LONDON — Tourists know the Channel Tunnel as the undersea railroad that allows cheap and easy trips from Britain to mainland Europe.
But in the dead of night this week, Britain's military sent five tanks down the 30-mile "Chunnel" to test whether it would be an effective route for forces if deployed to places such as Eastern Europe amid tensions between Russia and NATO.
The fact that Wednesday's exercise came two days before President Trump's inauguration appears coincidental; the British army told NBC News the test had been planned for a year.
But the potential need to fast-track forces to the Russian front served as a reminder of how seriously Washington's allies in Europe perceive the threat on their doorstep.
These allies have traditionally felt that Washington has their back, something thrown into doubt by Trump cozying up to Moscow and branding NATO "obsolete" earlier this week.
German Foreign Minister Frank-Walter Steinmeier said these remarks caused "astonishment" and "agitation" across the continent, and NATO members are now facing a future where they may no longer be able to rely on Washington.
"We cannot trust Trump to take care of [Europe's] security," said Josef Braml, a transatlantic expert at the German Council on Foreign Relations in Berlin. "If Trump cuts a deal with Putin, then maybe there will be fewer tanks, American tanks, on European soil and we should prepare for that scenario.
Trump's comments this week came after he suggested during his campaign that he might not honor NATO's central tenet that an attack against one member state would be seen as an attack against all.
"It's certainly freaked people out," according to Alexander Lanoszka, an expert in American foreign policy at City, University of London. He said Trump's comments have brought European concerns about an emboldened Russia "into sharp focus."
Kier Giles, an associate fellow at London's Chatham House think tank, agreed. "I think we're already seeing that happening," he said of the shock waves sent through Europe by the president-elect. "Almost all of Trump's comments have got the attention of NATO governments."
Like many of Trump's public statements, his stance on NATO has been laced with contradiction. After telling The Times of London that NATO was "obsolete," he added it was "very important to me." Furthermore, his picks for secretary of state and defense secretary backed the alliance.
Trump's main grip with NATO is that some members do not pull their weight financially. The facts support this view, and Barack Obama had complained of similar. Encouraging these smaller states to become self-sufficient may even be a good thing, according to some analysts.
But suggesting the U.S. could withdraw support because of these complaints was a radical move.
In an interview with NBC News on Thursday, NATO Secretary General Jens Stoltenberg played down any rift with the president-elect. But he also made a point of highlighting that the only time NATO's principle of collective defense has ever been enacted was when allies came to America's aid after 9/11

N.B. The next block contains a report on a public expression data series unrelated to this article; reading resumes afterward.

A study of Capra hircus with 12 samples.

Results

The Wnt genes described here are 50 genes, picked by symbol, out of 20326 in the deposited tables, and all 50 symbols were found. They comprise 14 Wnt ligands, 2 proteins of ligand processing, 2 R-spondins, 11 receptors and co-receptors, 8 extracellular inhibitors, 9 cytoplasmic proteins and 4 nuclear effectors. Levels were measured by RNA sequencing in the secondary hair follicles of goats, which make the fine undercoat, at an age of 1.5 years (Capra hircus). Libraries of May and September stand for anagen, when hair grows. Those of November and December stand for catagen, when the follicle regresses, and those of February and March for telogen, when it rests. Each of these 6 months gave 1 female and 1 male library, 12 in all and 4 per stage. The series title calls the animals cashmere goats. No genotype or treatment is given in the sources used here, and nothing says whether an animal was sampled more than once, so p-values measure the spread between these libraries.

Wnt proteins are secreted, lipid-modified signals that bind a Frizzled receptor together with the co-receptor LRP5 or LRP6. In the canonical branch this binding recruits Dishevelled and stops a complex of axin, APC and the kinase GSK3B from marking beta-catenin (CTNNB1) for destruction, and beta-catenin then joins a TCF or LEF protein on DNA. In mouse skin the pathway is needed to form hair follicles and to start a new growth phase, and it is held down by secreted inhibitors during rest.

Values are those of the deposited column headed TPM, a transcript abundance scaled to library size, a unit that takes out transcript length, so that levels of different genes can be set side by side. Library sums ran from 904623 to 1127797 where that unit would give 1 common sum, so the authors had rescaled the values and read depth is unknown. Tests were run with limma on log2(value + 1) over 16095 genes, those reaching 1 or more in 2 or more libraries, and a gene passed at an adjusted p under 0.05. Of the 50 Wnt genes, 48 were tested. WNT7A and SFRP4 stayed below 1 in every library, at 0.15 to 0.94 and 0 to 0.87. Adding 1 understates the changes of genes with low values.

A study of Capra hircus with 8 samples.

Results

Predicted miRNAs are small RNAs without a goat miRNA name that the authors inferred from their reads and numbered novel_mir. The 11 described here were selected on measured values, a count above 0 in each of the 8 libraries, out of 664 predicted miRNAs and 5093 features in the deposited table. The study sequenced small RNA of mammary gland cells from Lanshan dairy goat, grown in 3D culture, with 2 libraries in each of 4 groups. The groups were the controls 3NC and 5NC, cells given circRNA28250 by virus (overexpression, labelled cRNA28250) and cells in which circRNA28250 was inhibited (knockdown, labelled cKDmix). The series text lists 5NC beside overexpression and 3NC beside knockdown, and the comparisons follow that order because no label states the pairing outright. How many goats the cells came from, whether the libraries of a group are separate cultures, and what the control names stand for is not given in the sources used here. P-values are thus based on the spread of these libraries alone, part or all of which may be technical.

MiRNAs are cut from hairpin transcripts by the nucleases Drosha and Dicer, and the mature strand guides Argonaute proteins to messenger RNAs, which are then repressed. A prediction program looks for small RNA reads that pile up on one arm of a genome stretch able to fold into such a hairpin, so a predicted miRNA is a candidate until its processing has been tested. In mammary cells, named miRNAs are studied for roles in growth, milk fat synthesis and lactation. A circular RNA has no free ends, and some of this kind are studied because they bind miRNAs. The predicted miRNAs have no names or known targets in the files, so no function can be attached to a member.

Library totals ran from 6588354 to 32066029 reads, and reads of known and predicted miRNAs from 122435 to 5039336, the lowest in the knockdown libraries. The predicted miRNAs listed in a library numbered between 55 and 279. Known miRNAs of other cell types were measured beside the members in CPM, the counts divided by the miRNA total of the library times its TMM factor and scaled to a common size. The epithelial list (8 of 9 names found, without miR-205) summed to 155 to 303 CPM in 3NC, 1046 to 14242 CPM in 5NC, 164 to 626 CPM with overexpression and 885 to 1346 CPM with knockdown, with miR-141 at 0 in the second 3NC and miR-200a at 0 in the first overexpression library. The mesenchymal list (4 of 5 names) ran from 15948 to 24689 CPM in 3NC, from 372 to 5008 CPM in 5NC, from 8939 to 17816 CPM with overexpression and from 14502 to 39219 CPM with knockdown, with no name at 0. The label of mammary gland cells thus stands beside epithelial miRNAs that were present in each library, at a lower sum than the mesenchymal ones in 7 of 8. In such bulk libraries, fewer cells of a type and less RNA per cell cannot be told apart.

"The military operation [in Afghanistan] was a direct response on an attack on the United States," he said. "So NATO is important both for Europe, and for the United States."
If Trump's support for NATO did ebb, it would represent a dramatic about-turn from current policy.
The Obama administration recently deployed the biggest build up of U.S. forces in Europe since the end of the Cold War.
Some 2,700 troops, along with tanks and heavy equipment, arrived in Poland earlier this month. The country shares a border with the Russian exclave of Kaliningrad and Russia's ally Belarus.
American military officials have highlighted a 60-mile sliver of land between Poland and NATO ally Lithuania, known as the Suwalki Gap, as a potential target in the unlikely event of a Russian invasion.
NATO and Russia have an agreement not to permanently install troops along the front line, but the U.S. argues its forces' nine-month rotation means it's not in violation.
Earlier this week, some 300 U.S. Marines landed for a six-month deployment in Norway, the first time since World War II that foreign troops have had permission to be stationed there, according to Reuters.
These moves were, unsurprisingly, condemned by Russia, with Kremlin spokesman Dmitry Peskov telling reporters that: "We consider this a threat to us."
But some analysts say that Russian President Vladimir Putin may be biding his time and waiting for the potentially more sympathetic Trump administration to enter the White House.
That's what worries European leaders. The theory goes that if Trump undermines NATO and lifts sanctions slapped on Russia over its annexation of Crimea, as he has suggested, Putin may be emboldened to interfere in other former Soviet countries.
According to a recent report by Russian opposition politician Ilia Yashin, Putin's aims would be threefold: to increase his domestic popularity, to control more industrial assets, and to correct what he sees as Russia's wrongful territorial loss at the end of the Cold War.
Interfering in one of the Baltic countries wouldn't need an invasion, rather a combination of propaganda, cyber-warfare and inserting activists and fighters in the local population to stir up tension, a tactic Putin has been accused of in eastern Ukraine.
Against this backdrop, Trump's comments have left many in Europe feeling exposed.
"All of this is extremely dangerous," according to Giles at Chatham House. "But we have to see whether Trump's comments are just a stream of consciousness, or whether there's any relation between the messages posted on his Twitter account and actual policy."